One thing you should know about George Nicholas is he can be stubborn about things he believes in. During the final interview with the Social Sciences and Humanities Research Council (SSHRC) adjudication committee reviewing the IPinCH project proposal, a committee member asked, “What makes you qualified to direct a project of this scope?”
George began by noting his years of directing archaeological projects, pointed out the range of talented researchers who agreed to join the team, and then added, “And as you know, I can be very persistent,” referring to submission of the proposal four years in a row. With the experience of two previous SSHRC interviews behind him, George told colleagues, “When the committee laughed at this remark, I knew we would be funded.”
Such persistence is shared by George’s close colleagues, Kelly Bannister and Julie Hollowell. The three began collaborating to develop the proposal in 2003. Refinements made over the course of four submissions, with assistance from SFU grants facilitator Bev Neufeld and other team members, finally led to funding in April 2008. In some ways, the journey to IPinCH goes back much further than co-development of the IPinCH proposal.
Growing up in western Connecticut, George’s childhood interest in archaeology and anthropology was fed by National Geographic magazine and Mr. Wizard’s science-oriented television show. He began his archaeological training in earnest the summer before entering college, and subsequently amassed decades of field experience—from Maine to British Columbia— on projects relating to early postglacial land use, the human ecology of wetland settings, cultural resource management, and many other topics. While still active in these areas, a new chapter in his career began in 1991 when he and his family moved to British Columbia. In 1991 he developed the Indigenous Archaeology program at SFU’s campus on the Kamloops Indian Reserve, and then directed the program for 16 years. George credits his experience working with Indigenous communities for the awakening of a more socially relevant kind of archaeology central to IPinCH.
He states in a recent interview, “In addition to the scholarly aspects of IPinCH, there is the personal dimension. Developing and working with the IPinCH Project is one of the most rewarding aspects of my professional career. For a long time, I’ve been doing archaeology in the field, in the lab, writing up research reports, publishing, and so on. All of this contributes to scholarly knowledge, but far too little of this knowledge ever makes it back to the communities whose ancestral sites I have been excavating. IPinCH provides us with an opportunity to use our knowledge, our experiences, our expertise in the many different fields represented in this team to do some real good. Not to say that usual scholarly activity doesn’t benefit people. It certainly does. But here’s a way to ensure that we are aiding the individual communities with whom we work. And by providing communities with both information and the tools of research, they can then proceed to manage their own cultural heritage however they see most appropriate.”
One important mandate of IPinCH, and indeed of the SSHRC research program, is contributing to student training, which also resonates with George on a personal level.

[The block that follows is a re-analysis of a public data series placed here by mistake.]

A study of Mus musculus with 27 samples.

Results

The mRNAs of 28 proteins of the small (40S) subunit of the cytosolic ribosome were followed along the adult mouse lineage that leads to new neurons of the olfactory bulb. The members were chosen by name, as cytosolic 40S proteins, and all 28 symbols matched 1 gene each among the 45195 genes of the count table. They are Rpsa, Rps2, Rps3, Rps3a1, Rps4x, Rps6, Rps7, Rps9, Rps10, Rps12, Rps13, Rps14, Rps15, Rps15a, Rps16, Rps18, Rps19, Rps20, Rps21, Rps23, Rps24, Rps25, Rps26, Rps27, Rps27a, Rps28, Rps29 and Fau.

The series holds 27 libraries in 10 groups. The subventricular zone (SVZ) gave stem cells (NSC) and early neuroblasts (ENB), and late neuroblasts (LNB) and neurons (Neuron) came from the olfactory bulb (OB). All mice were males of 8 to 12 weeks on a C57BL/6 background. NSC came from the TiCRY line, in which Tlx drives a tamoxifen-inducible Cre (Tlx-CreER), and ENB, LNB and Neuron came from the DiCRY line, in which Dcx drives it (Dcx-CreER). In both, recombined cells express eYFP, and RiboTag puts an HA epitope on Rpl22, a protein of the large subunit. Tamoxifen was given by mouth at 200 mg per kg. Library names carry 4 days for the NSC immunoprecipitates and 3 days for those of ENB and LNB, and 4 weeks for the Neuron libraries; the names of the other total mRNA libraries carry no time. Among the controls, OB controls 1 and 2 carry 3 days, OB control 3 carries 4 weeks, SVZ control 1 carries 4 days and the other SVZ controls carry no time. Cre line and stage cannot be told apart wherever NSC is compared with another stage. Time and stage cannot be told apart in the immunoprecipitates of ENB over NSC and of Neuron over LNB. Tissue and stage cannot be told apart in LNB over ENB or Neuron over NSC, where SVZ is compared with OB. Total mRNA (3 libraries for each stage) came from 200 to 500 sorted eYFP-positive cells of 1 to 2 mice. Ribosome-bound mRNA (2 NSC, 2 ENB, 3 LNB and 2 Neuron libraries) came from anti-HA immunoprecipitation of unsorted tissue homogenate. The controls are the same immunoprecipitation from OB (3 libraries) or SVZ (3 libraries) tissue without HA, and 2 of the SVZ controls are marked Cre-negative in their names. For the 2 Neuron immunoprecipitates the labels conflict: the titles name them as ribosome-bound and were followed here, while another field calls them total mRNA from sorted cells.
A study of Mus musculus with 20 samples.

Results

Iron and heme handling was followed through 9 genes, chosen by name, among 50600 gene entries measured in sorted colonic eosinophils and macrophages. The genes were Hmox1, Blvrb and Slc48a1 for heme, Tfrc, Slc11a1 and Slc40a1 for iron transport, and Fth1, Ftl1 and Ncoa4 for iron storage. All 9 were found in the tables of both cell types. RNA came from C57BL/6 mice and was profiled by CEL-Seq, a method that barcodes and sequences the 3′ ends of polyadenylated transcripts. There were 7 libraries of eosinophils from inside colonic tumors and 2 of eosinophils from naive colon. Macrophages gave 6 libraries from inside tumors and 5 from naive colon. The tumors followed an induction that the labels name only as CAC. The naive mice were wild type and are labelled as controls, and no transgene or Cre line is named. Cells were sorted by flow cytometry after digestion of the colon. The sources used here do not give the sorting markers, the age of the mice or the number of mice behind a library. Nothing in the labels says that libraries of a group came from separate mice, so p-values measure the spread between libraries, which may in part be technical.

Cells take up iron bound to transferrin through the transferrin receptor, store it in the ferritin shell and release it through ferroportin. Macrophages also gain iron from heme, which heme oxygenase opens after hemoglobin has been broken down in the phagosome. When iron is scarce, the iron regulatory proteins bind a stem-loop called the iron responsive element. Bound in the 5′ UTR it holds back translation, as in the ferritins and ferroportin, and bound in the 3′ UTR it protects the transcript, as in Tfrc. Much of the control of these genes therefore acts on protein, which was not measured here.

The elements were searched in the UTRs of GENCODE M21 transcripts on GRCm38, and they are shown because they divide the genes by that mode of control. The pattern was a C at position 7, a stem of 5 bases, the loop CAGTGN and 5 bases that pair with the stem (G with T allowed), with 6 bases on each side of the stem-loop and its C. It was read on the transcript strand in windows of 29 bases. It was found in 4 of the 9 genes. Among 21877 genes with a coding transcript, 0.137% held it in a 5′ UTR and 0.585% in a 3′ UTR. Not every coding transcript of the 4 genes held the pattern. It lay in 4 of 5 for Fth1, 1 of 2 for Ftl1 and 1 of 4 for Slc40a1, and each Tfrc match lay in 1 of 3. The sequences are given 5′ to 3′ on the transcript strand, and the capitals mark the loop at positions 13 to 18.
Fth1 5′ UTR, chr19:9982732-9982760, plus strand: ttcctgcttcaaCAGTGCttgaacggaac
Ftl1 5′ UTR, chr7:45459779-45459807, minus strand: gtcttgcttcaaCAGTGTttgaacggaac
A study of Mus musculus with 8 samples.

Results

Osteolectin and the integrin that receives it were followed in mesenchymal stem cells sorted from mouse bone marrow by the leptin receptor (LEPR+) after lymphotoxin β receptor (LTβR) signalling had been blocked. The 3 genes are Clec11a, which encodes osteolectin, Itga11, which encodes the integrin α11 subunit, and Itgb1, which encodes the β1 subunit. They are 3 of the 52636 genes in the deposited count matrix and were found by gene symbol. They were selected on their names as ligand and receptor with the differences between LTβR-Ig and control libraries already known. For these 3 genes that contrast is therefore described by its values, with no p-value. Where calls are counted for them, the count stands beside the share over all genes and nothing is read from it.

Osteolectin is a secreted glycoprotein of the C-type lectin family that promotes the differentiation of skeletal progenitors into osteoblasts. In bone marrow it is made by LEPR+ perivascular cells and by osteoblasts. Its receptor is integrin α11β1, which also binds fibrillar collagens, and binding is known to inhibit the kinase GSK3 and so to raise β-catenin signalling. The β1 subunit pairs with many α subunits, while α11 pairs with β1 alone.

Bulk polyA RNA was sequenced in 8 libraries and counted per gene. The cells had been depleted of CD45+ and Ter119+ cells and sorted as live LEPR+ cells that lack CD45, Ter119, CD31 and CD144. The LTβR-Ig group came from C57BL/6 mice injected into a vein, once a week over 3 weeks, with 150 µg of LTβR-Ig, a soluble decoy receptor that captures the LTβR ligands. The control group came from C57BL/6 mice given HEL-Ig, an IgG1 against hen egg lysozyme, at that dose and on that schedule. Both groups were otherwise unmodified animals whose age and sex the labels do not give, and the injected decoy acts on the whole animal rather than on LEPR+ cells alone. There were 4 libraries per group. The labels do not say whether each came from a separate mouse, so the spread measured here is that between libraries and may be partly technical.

“The fact that we are teaching the next generation of scholars, whether they be archaeologists or ethicists or community-based practitioners, teaching them how to develop good practices, how to understand some of the cultural and political dimensions of intellectual property issues in cultural heritage, and how to develop truly collaborative projects, is vitally important. We are doing our best to give our students— by example but especially by direct participation— the tools they need for moving forward in becoming the best scholars, the best practitioners they can be in the future.”
Asked about the broad-reaching contributions expected of IPinCH, George notes, “IPinCH is an opportunity for capacity-building in communities, and here we’re not only talking about Indigenous communities, but communities as represented by even professional organizations, such as the Society for American Archaeology or the World Archaeological Congress. We are able to share with these organizations our research findings, our experiences, to help them understand the kinds of intellectual property issues that they may encounter, either today or in the future. Based on IPinCH, we may be able to provide them with guidelines for developing more equitable, more successful, more satisfying policies between all of the different stakeholders who have an interest in intellectual property issues in cultural heritage. If we are able to achieve only a fraction of this, we will certainly be very satisfied.”
Almost twenty years after the expansion of his own archaeological worldview, George sees directing the IPinCH project as a way of sharing it.
“As the IPinCH team developed over the course of years, we were able to bring together essentially a dream team, many of whom Kelly, Julie, and I had known personally for some time, others only by reputation. These are the best scholars, the most dedicated individuals, many of whom are path-breakers in creating more ethical, more equitable approaches in anthropology, archaeology, and many other realms. For me it is not only a pleasure, but an honour to be working with these world-class scholars, and for all of us to join together to promote more informed and satisfying approaches to the tangible and intangible dimensions of cultural heritage.”
This profile first appeared in the IPinCH Newsletter Vol 2.1 (Summer 2010).
Photograph courtesy of George Nicholas.